SINGAPORE – Foreign ministers from the Association of Southeast Asian Nations (ASEAN) decided on Friday to exclude the military leadership of Myanmar from the regional group’s summit meeting, scheduled for Oct. 26 to 28, in favor of a non-political representative, an association source said.
The decision marks a historic shift for ASEAN from its principle of non-interference in the domestic affairs of member countries.
At an emergency online meeting, the ministers agreed not to invite Senior Gen. Min Aung Hlaing, who led a military coup in February that ousted Myanmar’s elected government under civilian leader Aung San Suu Kyi, the source added.
Brunei, this year’s chair of the 10-member ASEAN, is expected to issue a statement Saturday on the emergency meeting, according to an association source.
ASEAN has been facing pressure from the United States to take a tougher stance on the issue.
Some member countries, such as Indonesia and Malaysia, proposed in the emergency meeting that Myanmar’s military leader not be allowed to participate in the summit over a lack of cooperation from the military government, including failing to cooperate with Brunei’s Second Foreign Minister Erywan Yusof, an appointed ASEAN special envoy for Myanmar, on a proposed visit to the country to request full access for the association to the parties in conflict.
Brunei’s envoy tasked with visiting Myanmar ahead of the summit had not fixed a schedule for the trip and still needed to “work out with Myanmar the program such as whom to meet,” said ASEAN source, adding that Myanmar’s foreign minister reiterated the difficulty of allowing the envoy to meet Suu Kyi, President Win Myint and others who were ousted by the military.
Efforts to negotiate with the junta for the visit on ASEAN’s terms ended unsuccessfully earlier this week.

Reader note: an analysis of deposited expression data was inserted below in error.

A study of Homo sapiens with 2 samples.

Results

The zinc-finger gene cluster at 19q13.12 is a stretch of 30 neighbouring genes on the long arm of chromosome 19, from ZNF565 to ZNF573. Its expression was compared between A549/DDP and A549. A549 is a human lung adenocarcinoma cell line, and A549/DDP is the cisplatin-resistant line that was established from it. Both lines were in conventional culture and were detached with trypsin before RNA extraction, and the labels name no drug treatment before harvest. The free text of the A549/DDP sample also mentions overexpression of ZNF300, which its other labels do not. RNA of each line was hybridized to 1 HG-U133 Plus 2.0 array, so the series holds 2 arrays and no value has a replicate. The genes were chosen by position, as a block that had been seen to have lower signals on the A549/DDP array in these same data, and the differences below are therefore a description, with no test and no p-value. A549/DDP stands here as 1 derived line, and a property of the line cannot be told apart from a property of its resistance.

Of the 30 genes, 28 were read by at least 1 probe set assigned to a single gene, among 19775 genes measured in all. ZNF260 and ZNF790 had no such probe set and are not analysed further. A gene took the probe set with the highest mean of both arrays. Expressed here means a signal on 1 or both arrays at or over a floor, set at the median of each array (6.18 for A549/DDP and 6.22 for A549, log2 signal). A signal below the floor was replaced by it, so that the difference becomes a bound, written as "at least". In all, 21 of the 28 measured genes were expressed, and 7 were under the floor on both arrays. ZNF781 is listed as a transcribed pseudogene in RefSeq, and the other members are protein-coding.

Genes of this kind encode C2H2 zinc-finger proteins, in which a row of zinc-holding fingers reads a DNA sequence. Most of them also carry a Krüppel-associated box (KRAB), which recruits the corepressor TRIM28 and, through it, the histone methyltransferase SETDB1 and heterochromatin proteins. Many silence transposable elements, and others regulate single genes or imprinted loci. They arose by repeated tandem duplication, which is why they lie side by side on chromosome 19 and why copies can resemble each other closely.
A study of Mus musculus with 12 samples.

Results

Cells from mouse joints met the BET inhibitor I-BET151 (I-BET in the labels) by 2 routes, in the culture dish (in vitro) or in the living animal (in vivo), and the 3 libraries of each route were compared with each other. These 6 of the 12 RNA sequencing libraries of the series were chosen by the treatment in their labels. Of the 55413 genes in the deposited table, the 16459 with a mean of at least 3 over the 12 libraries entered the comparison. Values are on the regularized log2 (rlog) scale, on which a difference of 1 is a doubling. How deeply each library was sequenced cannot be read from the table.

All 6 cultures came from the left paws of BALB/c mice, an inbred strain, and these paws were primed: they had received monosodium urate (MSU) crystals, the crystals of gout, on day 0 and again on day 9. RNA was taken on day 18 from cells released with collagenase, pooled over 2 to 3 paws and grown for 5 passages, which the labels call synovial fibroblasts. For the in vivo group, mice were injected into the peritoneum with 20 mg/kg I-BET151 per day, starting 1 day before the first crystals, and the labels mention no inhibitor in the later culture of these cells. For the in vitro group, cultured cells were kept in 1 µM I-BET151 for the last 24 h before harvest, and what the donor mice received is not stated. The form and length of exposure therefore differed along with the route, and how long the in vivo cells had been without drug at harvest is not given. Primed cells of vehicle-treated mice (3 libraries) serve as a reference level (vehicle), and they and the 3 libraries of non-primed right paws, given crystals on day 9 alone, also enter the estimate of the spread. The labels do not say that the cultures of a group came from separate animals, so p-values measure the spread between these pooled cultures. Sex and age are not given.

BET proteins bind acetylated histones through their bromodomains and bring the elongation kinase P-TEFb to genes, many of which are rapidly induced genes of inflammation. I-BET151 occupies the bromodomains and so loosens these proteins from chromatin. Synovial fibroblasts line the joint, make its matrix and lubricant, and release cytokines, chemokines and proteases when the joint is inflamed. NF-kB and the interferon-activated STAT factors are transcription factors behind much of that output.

The military government said in a statement on Thursday that the special envoy had “proposed a list of names of individuals with whom he wishes to meet and other actions required from Myanmar for his visit.” But it said that “some requests which go beyond the permission of existing laws will be difficult to accommodate.”
ASEAN seems divided on how to deal with Myanmar, with some countries such as Singapore, Indonesia, Malaysia and the Philippines calling for a tougher stance, while others prefer a softer approach.
“Different views were shared among ASEAN member nations, however, the majority preferred a non-political figure to represent Myanmar at the summit while one or two said that it should be foreign ministers level at most,” said the ASEAN source.
The foreign minister of one member country suggested during the meeting that as a face-saving measure, the Myanmar military leader should send a letter to ASEAN through his foreign minister to say he is too busy to attend the summit, the source said.
Indonesia’s Foreign Minister Retno Marsudi tweeted that she proposed the participation of Myanmar at the summit “should not be represented at the political level until Myanmar restore its democracy through an inclusive process.”
Thailand’s foreign ministry spokesperson said Friday that “Thailand views Myanmar as a member of the ASEAN family” and expressed hope that the visit by the special envoy will happen soon.